Deduction for State and Local Taxes Stunts Economic Growth, Group Warns
Ian Snively /
Congress should get rid of federal taxpayers’ deduction for state and local income taxes because it ends up costing most taxpayers billions of dollars, an organization that advocates state-level reforms says in an open letter to lawmakers.
Removing the deduction will save $1.5 trillion over the next 10 years, the American Legislative Exchange Council said in the letter, published Monday.
“In a show of unity from across the nation,” ALEC said in a press release, more than 100 affiliated state legislators signed the open letter to Congress urging elimination of the state and local tax deduction and passage of “real tax reform.”
“The legislators from 34 states represent millions of constituents from all corners of the country, including high-tax states such as Maryland, Pennsylvania, and Minnesota,” the group said.
The open letter comes as President Donald Trump and Republican members of Congress hope to pass tax reform before the end of the year.
According to the Tax Policy Center, the state and local tax deduction is for taxpayers who itemize their real estate, personal property, and either income or general sales taxes.
The state and local tax deduction “is one of the largest federal tax expenditures,” the Tax Policy Center said on its website, “with an estimated revenue cost of $96 billion in 2017 and $1.3 trillion over the 10-year period from 2017 to 2026.”
But many Americans aren’t seeing the benefits, ALEC argues in the open letter:
Only 30 percent of tax filers itemize at all for the simple fact that individuals must choose between the ‘standard deduction’ of either $6,300 or the total of all other allowable deductions. In other words, all workers pay state and local taxes; but only the minority of workers who itemize deductions see a partial ‘refund’ of those taxes paid.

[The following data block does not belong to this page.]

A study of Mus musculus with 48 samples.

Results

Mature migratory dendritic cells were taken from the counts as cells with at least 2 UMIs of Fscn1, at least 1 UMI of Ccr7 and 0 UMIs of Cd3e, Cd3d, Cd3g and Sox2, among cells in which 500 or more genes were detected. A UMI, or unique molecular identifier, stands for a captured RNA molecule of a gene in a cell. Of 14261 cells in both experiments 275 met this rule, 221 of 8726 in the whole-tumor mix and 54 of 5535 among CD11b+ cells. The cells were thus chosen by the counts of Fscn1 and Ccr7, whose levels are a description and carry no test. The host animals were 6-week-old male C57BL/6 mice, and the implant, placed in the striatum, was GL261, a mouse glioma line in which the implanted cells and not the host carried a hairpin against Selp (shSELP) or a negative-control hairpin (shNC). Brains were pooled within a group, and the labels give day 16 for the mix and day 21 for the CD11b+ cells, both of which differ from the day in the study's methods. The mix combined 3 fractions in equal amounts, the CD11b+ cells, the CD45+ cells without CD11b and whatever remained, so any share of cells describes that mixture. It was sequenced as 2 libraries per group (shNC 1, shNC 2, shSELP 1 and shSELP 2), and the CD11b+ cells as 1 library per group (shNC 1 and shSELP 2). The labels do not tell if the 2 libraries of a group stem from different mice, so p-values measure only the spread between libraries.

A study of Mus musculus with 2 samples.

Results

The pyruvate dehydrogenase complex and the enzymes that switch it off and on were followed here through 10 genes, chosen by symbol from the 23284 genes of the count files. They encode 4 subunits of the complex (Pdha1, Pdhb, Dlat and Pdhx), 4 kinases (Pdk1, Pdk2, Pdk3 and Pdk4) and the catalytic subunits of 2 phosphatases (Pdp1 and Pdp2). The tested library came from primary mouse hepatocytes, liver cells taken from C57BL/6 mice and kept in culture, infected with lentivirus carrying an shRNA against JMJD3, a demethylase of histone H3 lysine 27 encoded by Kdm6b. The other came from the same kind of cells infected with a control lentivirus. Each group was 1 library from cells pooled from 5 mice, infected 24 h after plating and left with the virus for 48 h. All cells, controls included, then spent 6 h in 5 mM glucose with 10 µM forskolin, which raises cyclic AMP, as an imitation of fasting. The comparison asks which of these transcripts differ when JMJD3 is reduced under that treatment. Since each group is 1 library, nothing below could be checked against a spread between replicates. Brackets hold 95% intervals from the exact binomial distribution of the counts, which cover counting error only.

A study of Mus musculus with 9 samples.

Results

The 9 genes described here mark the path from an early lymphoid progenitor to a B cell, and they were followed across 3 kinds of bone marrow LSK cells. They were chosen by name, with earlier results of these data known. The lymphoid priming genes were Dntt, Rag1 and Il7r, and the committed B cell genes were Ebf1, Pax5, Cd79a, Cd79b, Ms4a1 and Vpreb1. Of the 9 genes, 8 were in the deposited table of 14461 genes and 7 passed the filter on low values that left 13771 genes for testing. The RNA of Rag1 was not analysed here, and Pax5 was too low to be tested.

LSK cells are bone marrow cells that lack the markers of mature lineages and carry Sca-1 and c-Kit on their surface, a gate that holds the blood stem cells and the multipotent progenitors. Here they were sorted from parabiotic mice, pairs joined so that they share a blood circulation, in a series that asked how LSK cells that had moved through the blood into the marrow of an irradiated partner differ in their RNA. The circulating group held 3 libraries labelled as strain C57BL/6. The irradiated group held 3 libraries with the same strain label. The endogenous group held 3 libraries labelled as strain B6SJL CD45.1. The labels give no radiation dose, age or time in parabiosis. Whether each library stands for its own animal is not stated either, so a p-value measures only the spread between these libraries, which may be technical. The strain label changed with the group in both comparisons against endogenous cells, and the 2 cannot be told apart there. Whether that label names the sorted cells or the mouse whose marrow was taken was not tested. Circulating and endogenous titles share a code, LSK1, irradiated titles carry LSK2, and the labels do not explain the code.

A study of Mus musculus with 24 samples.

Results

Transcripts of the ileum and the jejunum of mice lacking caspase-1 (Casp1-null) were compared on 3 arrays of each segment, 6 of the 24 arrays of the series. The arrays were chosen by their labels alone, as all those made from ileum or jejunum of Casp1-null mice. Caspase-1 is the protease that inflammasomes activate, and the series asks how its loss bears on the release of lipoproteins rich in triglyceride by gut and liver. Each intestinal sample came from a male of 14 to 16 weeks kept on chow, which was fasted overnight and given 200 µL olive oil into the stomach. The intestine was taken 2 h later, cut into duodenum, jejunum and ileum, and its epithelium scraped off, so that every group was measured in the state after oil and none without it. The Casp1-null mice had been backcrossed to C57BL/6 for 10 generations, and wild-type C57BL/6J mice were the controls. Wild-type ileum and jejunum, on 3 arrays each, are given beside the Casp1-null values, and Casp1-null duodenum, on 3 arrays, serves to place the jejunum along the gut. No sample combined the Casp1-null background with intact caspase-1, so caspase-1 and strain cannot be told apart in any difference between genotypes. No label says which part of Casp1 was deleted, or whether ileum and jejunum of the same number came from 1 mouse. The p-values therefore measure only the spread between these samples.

In a teleconference Monday, ALEC’s chief economist, Jonathan Williams, argued that the state and local tax deduction “gives states the incentive to overspend and over-tax.”
Economic policy analyst Stephen Moore said he worked on the original Trump tax plan, and one of the concerns addressed in the plan was the state and local deduction. Moore, distinguished visiting fellow for the Project for Economic Growth at The Heritage Foundation, said the deductions are “quite unfair to the low-tax states.”
Supporters of the deductions say they allow states to collect more revenue to benefit local communities.
The National League of Cities, an organization of municipal governments, for example, argues that local governments get “the flexibility to raise needed revenues without concerns of double taxing their residents.”
But the term “double tax” isn’t being used correctly, said Joel Griffith, director of ALEC’s Tax and Fiscal Policy Task Force.
During the teleconference, Griffith used the corporate income tax as an example of an actual double tax. Corporations pay a tax on income, and then shareholders pay another tax on the same income.
Constitutionally, Griffith said, the federal and state governments are sovereign, providing different benefits to citizens. For example, while some state tax revenue goes to building and fixing state highways, some federal tax revenue goes to strengthening the military or providing Social Security. Citizens, he noted, aren’t being taxed twice for the same benefits.
State Sen. Jim Buck, R-Ind., said during the teleconference that the deductions make it “highly unfair” to states trying not to use the system to raise their own taxes. He called for states to take more responsibility.
“The only way to make America great again is to make our states great again,” Buck said.